Is it just because of their age? August 9, 2006 10:59 am

Posted by Doug McCaughan in : Daily Life

Just this week, Tommy started asking everyone to be sure to rinse their dishes before putting in the sink. He has learned on his own that cleaning the dish is more difficult after the food has dried and hardened. That comes from the natural consequence of having to rewash dishes.

So Noah. I fear his absentmindedness is going to hurt him in school badly this year. Seems he has gone from spacey to deep spacey. Just yesterday he gets out of the van, goes to the tailgate, opens it, gets his $200 karate gear (pads) out of the back, sets them down on the ground to close the gate, closes the tailgate, and walks into the house. Hours later, fortunately no rain, Cathy returns from an errand and is agast to see the brand new pads in the yard where weather, animal, child or crook could have put a damper on Noah’s karate lessons. We ask Noah to look in the yard and he just stares in confusion failing to see the pads. 10? I’m thinking daily games that improve memory, concentration and attention to details are in order! Of course, as much as I hate to become one of those adults, I cannot help but think that video games are contributing to the absentmindedness.


If we’re going to lie about my age, we could at least try to make it believable.

2. Dean - August 9, 2006

Children today seem to have no grasp of where they are in space, or what shares their space. I struggle with how to create this consciousness. When I am around the pre-teens/teens of our friends, I am dumbfounded at the complete blissful abscentness of any concept of what is going on around them. I understand a degree of narcissism is expected, but at some poing maturity should gain a little headway and they should start to be more aware. Then again, maybe not.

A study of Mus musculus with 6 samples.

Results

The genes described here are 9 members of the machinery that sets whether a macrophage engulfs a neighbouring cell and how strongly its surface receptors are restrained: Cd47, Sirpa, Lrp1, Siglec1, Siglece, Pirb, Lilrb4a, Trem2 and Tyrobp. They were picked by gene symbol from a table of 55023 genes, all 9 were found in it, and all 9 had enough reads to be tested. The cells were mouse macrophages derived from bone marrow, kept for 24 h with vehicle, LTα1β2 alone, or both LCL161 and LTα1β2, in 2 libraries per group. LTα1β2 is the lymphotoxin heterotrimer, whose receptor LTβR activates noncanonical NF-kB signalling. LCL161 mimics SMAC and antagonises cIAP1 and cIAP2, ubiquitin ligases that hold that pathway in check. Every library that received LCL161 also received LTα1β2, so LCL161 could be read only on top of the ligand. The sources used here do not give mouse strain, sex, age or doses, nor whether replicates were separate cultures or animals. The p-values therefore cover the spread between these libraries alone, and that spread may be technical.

3. AT - August 9, 2006

Man, I feel you. I don’t have the same issues with my kids, but we do have some, and you can wonder about age until your head falls off. Maybe its just who they are. Noah may be that absentminded genius. Lord knows, I still get freaked out when my Dad sends me out to the shop to find a tool, because when I was a kid I’d be out there for 15 minutes looking for something, and as soon as he shows up, all irritated at waiting, he grabs it from right in front of my face.
See, I turned out fine!

…betcha feel better now, don’t you?

4. djuggler - August 9, 2006

lol@at

In my hectic life I have yet to find the self-discipline to make it happen, but I think the best thing for the children and being aware of the space around them is to teach them to juggle. I have Noah interested in the diabolo and am trying to teach him passing with clubs. It is funny that you mention their space issues the way you do because one of my almost daily mantras to the children is “be aware of the world around you!”

5. LissaKay - August 9, 2006

Heh … lemme tell you about MY kids

If they survive the next week, it will be a miracle. 16 year old Princess Anne … what can I say? And Justin .. well, I am thinking that duct tape and IV lithium is his only hope.

Oh, and Cathy? You don’t look a day over 22 … really.